WASHINGTON -- The long-awaited courtroom collision between the government and Microsoft appeared imminent Sunday, with the Justice Department and at least 20 states set to file antitrust suits Monday that could change how consumers buy and use most computers.
With negotiations stalled, the world's most powerful software company has said it will go ahead and ship on Monday to computer makers the latest upgrade of its flagship software, Windows 98. The company had planned to ship the package on Friday, but agreed last week to delay its release until Monday, pending the outcome of talks.
Eleventh-hour negotiations collapsed Saturday over what Microsoft described as the government's "unreasonable demands," including a condition that the company put a copy of rival Netscape Communications Corp.'s Internet browser in every copy of Windows, the operating system used to run virtually all desktop computers.
"I do sometimes shake my head and wonder why this is happening. I just don't understand," Microsoft Chairman Bill Gates told Time Magazine. "We worked hard to settle. I wish we had been able to. I'll seize every opportunity to do so."
One government official said Sunday that Microsoft "absolutely refused any meaningful concessions at the end of the day."
The Justice Department and the states believe Microsoft is using its market dominance with Windows to illegally stifle competition in other parts of the computer industry, especially the fiercely competitive market for Internet browsers, the software people use to view information on the World Wide Web.
Two government officials involved in the negotiations said independently Sunday that Microsoft withdrew a major concession it had made earlier in the week, which would have given computer makers more freedom in choosing the screen that consumers see when they first turn on the computer.
"The Microsoft negotiators said Bill Gates had rethought it and now said that Bill Gates wouldn't discuss it," one government official said. "That was the tenor of the talks.... It was the total refusal on Microsoft's part to yield meaningfully. There was no question that they agreed to do some things and then reneged."
Microsoft acknowledged it made several offers throughout the negotiations but said it withdrew each one only after government lawyers rejected them.
"These negotiations were definitely a one-way street. We negotiated for 10 days and made offer after offer after offer, but the government never budged an inch," Microsoft spokesman Mark Murray said.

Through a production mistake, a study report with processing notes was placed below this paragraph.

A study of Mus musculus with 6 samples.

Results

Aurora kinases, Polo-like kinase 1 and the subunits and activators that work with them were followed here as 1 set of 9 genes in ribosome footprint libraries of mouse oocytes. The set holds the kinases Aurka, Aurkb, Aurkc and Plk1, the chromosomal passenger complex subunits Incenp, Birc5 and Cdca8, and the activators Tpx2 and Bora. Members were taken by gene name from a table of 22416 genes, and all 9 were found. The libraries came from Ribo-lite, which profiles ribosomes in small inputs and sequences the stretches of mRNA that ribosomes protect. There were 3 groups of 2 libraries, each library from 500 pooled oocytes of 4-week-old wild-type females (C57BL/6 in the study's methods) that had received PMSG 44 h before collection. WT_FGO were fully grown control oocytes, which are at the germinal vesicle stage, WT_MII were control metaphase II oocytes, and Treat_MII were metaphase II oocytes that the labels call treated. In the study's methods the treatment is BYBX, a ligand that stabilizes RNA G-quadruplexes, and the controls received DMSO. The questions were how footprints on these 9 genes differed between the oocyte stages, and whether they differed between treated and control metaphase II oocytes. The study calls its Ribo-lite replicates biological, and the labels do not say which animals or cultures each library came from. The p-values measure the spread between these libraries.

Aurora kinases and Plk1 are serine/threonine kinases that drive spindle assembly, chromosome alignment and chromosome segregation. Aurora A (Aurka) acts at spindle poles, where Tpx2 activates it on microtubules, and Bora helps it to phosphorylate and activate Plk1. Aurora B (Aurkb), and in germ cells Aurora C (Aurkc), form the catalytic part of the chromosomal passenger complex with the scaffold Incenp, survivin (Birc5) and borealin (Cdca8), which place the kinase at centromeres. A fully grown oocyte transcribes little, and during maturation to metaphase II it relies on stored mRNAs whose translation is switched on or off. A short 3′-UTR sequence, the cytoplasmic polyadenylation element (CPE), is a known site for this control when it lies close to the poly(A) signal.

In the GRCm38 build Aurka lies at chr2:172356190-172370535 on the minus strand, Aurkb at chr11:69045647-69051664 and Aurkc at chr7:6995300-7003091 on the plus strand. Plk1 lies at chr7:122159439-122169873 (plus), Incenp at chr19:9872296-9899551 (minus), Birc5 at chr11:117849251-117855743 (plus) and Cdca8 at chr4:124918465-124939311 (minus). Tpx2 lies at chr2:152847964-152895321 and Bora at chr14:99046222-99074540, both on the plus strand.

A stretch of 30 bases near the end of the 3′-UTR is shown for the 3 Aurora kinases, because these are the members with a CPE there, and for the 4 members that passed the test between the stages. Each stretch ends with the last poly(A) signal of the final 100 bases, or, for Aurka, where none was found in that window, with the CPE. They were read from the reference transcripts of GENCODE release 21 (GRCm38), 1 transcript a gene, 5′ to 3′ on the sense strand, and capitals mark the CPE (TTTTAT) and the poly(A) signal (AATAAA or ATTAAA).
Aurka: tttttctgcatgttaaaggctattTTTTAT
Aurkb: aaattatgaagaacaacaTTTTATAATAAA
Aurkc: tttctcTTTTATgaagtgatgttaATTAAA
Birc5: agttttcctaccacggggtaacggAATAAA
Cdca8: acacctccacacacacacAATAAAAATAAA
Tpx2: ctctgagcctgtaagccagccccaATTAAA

"We don't think a lawsuit helps anyone, and it isn't a good use of taxpayer dollars," he added. "But in the end, it became clear that the government was simply asking for steps that were completely unreasonable."
Also during the negotiations, Microsoft bitterly resented a suggestion that it ship a copy of rival Netscape's browser in every copy of Windows it sells. One source familiar with the talks said that when the government made that demand, Microsoft's stunned lead attorney, William Neukom, repeated it aloud to make sure he had heard it right.
Reasoning that its own browser is tightly integrated with the latest versions of Windows, Microsoft requires computer makers to install it as part of the operating system. The government defines that restriction, under the federal Sherman Act, as "tying" the products, and says it therefore asked Microsoft to include other browsers, including Netscape's.
Under antitrust law, a requirement that manufacturers include a competitor's product is usually reserved for cases in which a monopoly owns the sole method of distribution, such as a vital pipeline or electrical lines.
"It's indefensible that the government would try to force Microsoft and computer makers to give Netscape a free ride on every copy of our Windows operating system," Microsoft's Murray said. "Netscape clearly has a myriad of ways to distribute its product to customers. We don't think there's any basis in law to make such an unreasonable demand."